Saturday, June 29, 2019

No Good Deed Goes Unpunished: Robert Smith and Morehouse

When you do something good for people you should be praised for your actions. You may have heard that Black American billionaire Robert Smith attended the 2019 Morehouse commencement where he promised to pay off the entire student loan debt of the graduating class, a gift that will amount to the not insignificant sum of about $40 million. 

Billionaire Robert F. Smith, who received an honorary doctorate at Morehouse College’s Sunday morning graduation exercises, had already announced a $1.5 million gift to the schoolBut during his remarks in front of the nearly 400 graduating seniors, the technology investor and philanthropist surprised nearly everyone by announcing that his family was providing a grant to eliminate the student debt of the entire Class of 2019. 

This is my class,” he said, “and I know my class will pay this forward.” The announcement came as a surprise to Smith’s staff and to the staff at Morehouse, and elicited the biggest cheers of the morning.

About 400 new graduates, predominantly Black men, will be able to start their professional life without any student debt. An adult's twenties and thirties are critical times to establish savings, investments, retirement accounts and capital for business creation. It is also a time to save money for marriage and child care costs. There is a huge wealth gap between Black and White Americans. There is a student loan gap between Black and White Americans. Black Americans owe more in student loans and earn less after graduation, in large part because of discrimination. So when Smith stepped up to do his part to help Black people who were in a tight spot, you might reasonably think that he would be universally lauded.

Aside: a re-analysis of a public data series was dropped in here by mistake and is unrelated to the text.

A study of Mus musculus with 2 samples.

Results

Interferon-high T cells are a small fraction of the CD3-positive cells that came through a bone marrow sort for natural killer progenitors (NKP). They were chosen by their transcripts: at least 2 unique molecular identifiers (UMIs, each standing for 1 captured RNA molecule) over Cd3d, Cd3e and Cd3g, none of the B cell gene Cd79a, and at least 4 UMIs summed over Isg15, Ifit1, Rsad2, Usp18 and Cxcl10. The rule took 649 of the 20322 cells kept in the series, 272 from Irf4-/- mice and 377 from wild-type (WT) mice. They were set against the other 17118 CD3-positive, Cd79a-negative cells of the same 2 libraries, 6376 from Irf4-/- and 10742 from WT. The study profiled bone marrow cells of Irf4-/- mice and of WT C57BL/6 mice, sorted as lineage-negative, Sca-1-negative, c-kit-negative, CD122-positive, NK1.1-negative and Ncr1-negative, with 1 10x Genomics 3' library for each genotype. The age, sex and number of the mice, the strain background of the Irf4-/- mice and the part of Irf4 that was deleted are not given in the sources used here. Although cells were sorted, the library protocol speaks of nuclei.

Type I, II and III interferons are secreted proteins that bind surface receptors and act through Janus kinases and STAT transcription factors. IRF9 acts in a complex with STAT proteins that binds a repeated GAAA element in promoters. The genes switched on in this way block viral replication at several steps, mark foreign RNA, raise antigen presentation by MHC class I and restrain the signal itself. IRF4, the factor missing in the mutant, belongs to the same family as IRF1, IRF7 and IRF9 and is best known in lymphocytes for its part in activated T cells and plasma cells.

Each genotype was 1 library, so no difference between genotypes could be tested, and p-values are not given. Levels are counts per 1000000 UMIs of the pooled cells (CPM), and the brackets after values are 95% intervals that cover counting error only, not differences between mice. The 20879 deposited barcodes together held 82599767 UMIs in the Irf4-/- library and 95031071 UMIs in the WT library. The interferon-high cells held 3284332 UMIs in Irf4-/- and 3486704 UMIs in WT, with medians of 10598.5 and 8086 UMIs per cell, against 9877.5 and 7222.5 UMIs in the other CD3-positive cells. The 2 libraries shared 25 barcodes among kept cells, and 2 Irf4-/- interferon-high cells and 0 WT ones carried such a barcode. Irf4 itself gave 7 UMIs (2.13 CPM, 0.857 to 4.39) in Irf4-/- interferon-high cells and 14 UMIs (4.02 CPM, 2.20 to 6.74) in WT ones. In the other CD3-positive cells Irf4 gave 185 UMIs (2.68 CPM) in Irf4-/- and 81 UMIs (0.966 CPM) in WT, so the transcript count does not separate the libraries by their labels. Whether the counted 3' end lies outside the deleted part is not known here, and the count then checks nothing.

And you would be wrong.
A minority of (Black) people immediately came out of the woodwork complaining that well they had already left Morehouse so what about their problems. Others complained that Smith's actions made it more difficult to build a society with the sort of (high) taxes and (extreme) wealth redistribution policies which they preferred. 

Some sneered at what they thought were Smith's wrong-headed "We can do it!" approaches to fighting racism. Some were irritated by Smith's fond memory of attending an integrated school. Some people said never mind Smith's philanthropy, billionaires shouldn't be allowed to exist. And obviously some folks didn't like the fact that Smith's (second) wife is CaucasianNow obviously if you are only doing a good deed for praise or to cover up crimes that's a different story.  I don't have any information that this is the case with Smith. He has given away a lot of money in the past. He has approached other people, particularly wealthy Black people, to do the same. He's doing more even as I am writing this post. 

If I am dying of thirst in the Sahara and a stranger offers me water, I'll drink the water and be thankful, not tell the Good Samaritan that I wanted some Faygo Moon Mist so f*** off. Worse, if I am sitting on my rump watching someone die of thirst I have no business lecturing the dying person that he shouldn't have to rely on the kindness of strangers. Yelling at the Good Samaritan that in a fair world he wouldn't have excess water to give away and that I don't care for his wife's melanin levels may make me feel better but it doesn't help save anyone's life does it?

I think it's possible to advocate for massive reformatory or even revolutionary social changes without dismissing the things that each individual can do on his own, whether it's working at a homeless shelter, giving money to the needy, or paying off the student debt of 400 young men. Perhaps at some future time when the Black community is the wealthiest group in America and Black billionaires are a dime a dozen we can use silly standards to vet those with charitable intentions. Until that time I don't think we should be looking gift horses in the mouth. Removing problems for new graduates is a good thing.